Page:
When Your Kids Need Therapy After The Divorce, But They Don’t Want to go! (Pt 1)

Kids who hate therapy rarely see the point in going!


Therapy is tough. In order for therapy to be successful, the person participating needs to be open to talking about uncomfortable subjects, feeling vulnerable, and displaying very personal emotions. It’s hard, even for adults, and so it can feel practically impossible for kids. Especially when they can’t see the long-term benefits, and it feels like just one more thing in life they didn’t ask for and don’t want. So what do you do when your kid obviously needs therapy to help them work through the pain of a divorce, but they don’t want to go?


There are a number of tactics that parents can use when introducing the subject of therapy, and while their child is involved in therapy. These are approaches that can help to make therapy less scary and more acceptable to children. On the flip side, there are also some things that parents really shouldn’t do if they’re hoping to help their kids accept therapy as a normal part of life. Let’s take a look…


What you should do:


Normalize therapy:

Discussing therapy as if it were a shameful secret, or something embarrassing, will only make it harder for your kids. No kid wants to be forced to do something that makes them “weird” or “different” from their peers. So talk about going to therapy as if it were a perfectly normal, totally ordinary part of life.


That way your kids will get used to the idea that therapy isn’t something abnormal. Like choosing a healthy diet or selecting a physical activity as a hobby, it’s something that many people do to make their lives better. This does NOT however, mean that you should talk about your kids therapy sessions in front of other people. This may embarrass them even more and cause resentment.


Support healing outside of appointments:

One of the best ways you can help your kid grow and heal is to support the suggestions and implementations made by the therapist. For example, if the therapist suggests that your kid takes more walks to get them moving in the fresh air (to help with depression) then make a point of supporting that. Suggest daily walks (go along if your kids are too young to go alone), or find supplementary physical activity for your kids if the weather is bad.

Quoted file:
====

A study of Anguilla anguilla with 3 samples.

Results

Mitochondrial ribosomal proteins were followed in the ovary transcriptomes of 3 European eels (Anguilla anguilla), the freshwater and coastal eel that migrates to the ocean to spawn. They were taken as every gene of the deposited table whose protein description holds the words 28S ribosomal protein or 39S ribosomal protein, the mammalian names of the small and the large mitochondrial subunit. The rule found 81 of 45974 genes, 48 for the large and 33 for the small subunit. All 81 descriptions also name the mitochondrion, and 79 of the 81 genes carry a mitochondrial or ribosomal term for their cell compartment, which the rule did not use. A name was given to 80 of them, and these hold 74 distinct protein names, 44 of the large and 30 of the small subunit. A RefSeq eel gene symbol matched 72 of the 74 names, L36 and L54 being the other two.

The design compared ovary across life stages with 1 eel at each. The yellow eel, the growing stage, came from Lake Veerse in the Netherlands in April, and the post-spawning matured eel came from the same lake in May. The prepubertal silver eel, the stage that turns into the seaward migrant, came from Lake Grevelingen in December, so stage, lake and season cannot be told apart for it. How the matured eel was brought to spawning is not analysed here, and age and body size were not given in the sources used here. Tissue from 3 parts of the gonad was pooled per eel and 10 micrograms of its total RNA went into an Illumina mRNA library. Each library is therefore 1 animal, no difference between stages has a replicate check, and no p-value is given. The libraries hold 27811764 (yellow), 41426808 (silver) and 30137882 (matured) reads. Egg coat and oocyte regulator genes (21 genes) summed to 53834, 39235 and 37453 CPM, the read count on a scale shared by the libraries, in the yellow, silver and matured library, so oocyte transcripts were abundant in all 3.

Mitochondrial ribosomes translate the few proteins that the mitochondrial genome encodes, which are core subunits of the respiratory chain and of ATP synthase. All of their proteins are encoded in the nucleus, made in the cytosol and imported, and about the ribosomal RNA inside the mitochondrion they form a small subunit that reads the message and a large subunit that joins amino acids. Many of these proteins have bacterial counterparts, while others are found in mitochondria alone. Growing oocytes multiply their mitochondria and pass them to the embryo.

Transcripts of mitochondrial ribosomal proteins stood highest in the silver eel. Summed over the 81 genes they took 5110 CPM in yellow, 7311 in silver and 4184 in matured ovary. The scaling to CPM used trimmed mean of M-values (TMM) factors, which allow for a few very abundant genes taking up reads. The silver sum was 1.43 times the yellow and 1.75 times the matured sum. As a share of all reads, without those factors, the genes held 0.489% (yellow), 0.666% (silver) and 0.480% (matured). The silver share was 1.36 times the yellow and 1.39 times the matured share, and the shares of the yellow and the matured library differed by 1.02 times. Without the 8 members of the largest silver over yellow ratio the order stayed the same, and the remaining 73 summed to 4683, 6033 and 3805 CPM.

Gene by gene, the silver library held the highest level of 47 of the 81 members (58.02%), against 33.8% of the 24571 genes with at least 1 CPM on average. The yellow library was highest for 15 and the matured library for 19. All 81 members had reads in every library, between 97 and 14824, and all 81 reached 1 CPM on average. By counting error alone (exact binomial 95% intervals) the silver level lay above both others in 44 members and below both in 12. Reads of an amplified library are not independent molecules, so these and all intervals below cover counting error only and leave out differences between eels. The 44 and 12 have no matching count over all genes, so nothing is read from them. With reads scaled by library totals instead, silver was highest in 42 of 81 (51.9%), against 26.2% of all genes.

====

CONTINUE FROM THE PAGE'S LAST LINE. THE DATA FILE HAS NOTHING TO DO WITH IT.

If the therapist suggest engaging in sports, participating in community events, doing art, or journaling as part of your child’s healing, then encourage your kids to engage in those activities. Healing doesn’t just happen in the therapist’s office. So by supporting them, both in and out of therapy, you help them heal and move on more effectively.


Allow your kids to express themselves:

One of the major goals of therapy is processing emotions and feelings. So make sure your kids know they’re free to share with you how they’re feeling, even if what they have to say makes you sad or uncomfortable.


Listen them when they talk about what’s on their minds, and validate their feelings, even if you don’t like what you hear. Knowing that you’re free to share what’s on your heart and mind, and that you’ll be loved and accepted no matter what, goes a long way towards helping with healing.


Divorce is hard on everyone, so get the support you need!

Good divorce lawyers are up-to-date on Michigan law and have years of experience. They know what to fight for, and how to get it. If you’re considering a divorce, and don’t know where to turn for quality legal representation and top-of-the-line counsel during every aspect of your divorce, contact us today at 866 766 5245. We can help you every step of the way, and are always available for crisis intervention and emergencies. Join us next time, for a break down of what you SHOULDN’T do when your kid needs therapy but doesn’t want to go!